North Yorkshire villagers in plea for flood measures

Flooded Brawby Roads in Brawby were flooded for days

Related Stories

Villagers in North Yorkshire who were cut off in last week's floods have pleaded with authorities not to overlook them.

Roads into Brawby near Kirkbymoorside were only accessible by 4x4 vehicles after drains flooded.

At a public meeting in the village hall on Tuesday night residents demanded action to prevent a repeat.

Officials denied the village was being ignored but could not say if or when a solution would happen.

Villagers said streets in Brawby often flooded with contaminated water during heavy rainfall because the antiquated sewerage and drainage systems could not cope.

Resident Laurie Thackray told the meeting last week's floods were the worst since 1947.

"Ninety-nine per cent of the problems could be solved with two months of disruption in the village. End of story," he added.

Funding problem

Others at the meeting said the village was overlooked because priority was given to bigger places like Malton, Norton and York.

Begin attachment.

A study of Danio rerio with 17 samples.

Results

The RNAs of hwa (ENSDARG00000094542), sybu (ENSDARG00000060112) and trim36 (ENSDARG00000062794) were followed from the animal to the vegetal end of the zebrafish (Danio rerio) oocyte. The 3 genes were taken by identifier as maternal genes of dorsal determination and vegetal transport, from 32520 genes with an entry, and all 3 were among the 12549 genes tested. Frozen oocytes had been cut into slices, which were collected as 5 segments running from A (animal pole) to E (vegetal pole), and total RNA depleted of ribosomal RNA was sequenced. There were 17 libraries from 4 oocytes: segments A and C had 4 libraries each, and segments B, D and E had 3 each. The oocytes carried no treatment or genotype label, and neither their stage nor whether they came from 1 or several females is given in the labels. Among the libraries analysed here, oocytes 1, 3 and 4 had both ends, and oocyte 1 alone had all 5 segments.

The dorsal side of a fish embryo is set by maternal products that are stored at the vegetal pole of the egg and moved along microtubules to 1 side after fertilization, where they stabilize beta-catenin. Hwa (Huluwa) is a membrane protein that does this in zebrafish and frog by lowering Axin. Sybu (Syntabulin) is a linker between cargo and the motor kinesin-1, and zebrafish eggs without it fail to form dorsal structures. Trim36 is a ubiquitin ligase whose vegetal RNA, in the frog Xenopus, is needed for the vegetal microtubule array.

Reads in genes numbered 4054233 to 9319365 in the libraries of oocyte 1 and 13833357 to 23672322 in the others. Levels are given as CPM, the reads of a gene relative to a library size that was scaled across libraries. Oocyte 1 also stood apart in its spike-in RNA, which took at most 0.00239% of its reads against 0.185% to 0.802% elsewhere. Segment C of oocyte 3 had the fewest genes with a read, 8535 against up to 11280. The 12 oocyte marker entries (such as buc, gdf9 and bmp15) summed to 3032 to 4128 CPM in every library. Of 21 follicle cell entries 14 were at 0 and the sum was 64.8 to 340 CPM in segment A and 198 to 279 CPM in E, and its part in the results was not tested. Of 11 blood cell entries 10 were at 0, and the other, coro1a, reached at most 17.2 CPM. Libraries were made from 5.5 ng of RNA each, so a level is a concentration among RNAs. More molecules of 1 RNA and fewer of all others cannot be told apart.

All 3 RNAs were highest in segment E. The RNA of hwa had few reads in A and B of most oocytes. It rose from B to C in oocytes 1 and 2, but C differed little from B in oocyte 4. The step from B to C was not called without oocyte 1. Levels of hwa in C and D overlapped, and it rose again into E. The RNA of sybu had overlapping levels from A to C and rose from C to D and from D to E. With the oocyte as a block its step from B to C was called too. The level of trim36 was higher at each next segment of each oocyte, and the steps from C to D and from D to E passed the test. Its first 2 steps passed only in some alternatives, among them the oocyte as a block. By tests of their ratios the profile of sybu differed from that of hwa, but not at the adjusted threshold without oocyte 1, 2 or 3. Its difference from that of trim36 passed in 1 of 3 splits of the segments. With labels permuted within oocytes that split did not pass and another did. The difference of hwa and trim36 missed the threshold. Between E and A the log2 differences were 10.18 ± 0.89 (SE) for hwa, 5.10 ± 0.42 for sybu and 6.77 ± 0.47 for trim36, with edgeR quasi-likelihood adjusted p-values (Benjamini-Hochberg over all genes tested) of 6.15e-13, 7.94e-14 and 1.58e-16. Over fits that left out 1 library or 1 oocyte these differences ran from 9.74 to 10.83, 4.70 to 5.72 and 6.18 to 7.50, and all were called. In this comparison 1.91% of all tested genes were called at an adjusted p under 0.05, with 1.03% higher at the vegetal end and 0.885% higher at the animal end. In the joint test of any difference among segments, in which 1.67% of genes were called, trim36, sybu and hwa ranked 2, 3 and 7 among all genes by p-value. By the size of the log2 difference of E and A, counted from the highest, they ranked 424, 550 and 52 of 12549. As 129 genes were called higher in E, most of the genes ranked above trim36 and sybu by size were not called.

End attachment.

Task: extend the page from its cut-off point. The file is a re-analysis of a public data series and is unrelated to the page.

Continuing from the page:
Officials from Yorkshire Water, North Yorkshire County Council and Ryedale District Council all attended the meeting.

They denied Brawby was being passed over but had little in the way of promises of long-term solutions for the residents.

"What we are saying is you are going to be looked at, problems identified and possible solutions identified," said Richard Marr from North Yorkshire County Council.

"The stumbling block usually comes when you try to fund these projects," he added.

More on This Story

Related Stories

The BBC is not responsible for the content of external Internet sites

BBC York & North Yorkshire

Weather

York

Min. Night 5 °C

Features & Analysis

Elsewhere on the BBC

  • HobbitHobbit review

    Nicholas Barber asks whether The Battle of the Five Armies is worthwhile or unnecessary

Programmes

  • An ECG (electrocardiogram)Click Watch

    The wearable technology which could allow you to pay for goods with your heartbeat

BBC © 2014 The BBC is not responsible for the content of external sites. Read more.

This page is best viewed in an up-to-date web browser with style sheets (CSS) enabled. While you will be able to view the content of this page in your current browser, you will not be able to get the full visual experience. Please consider upgrading your browser software or enabling style sheets (CSS) if you are able to do so.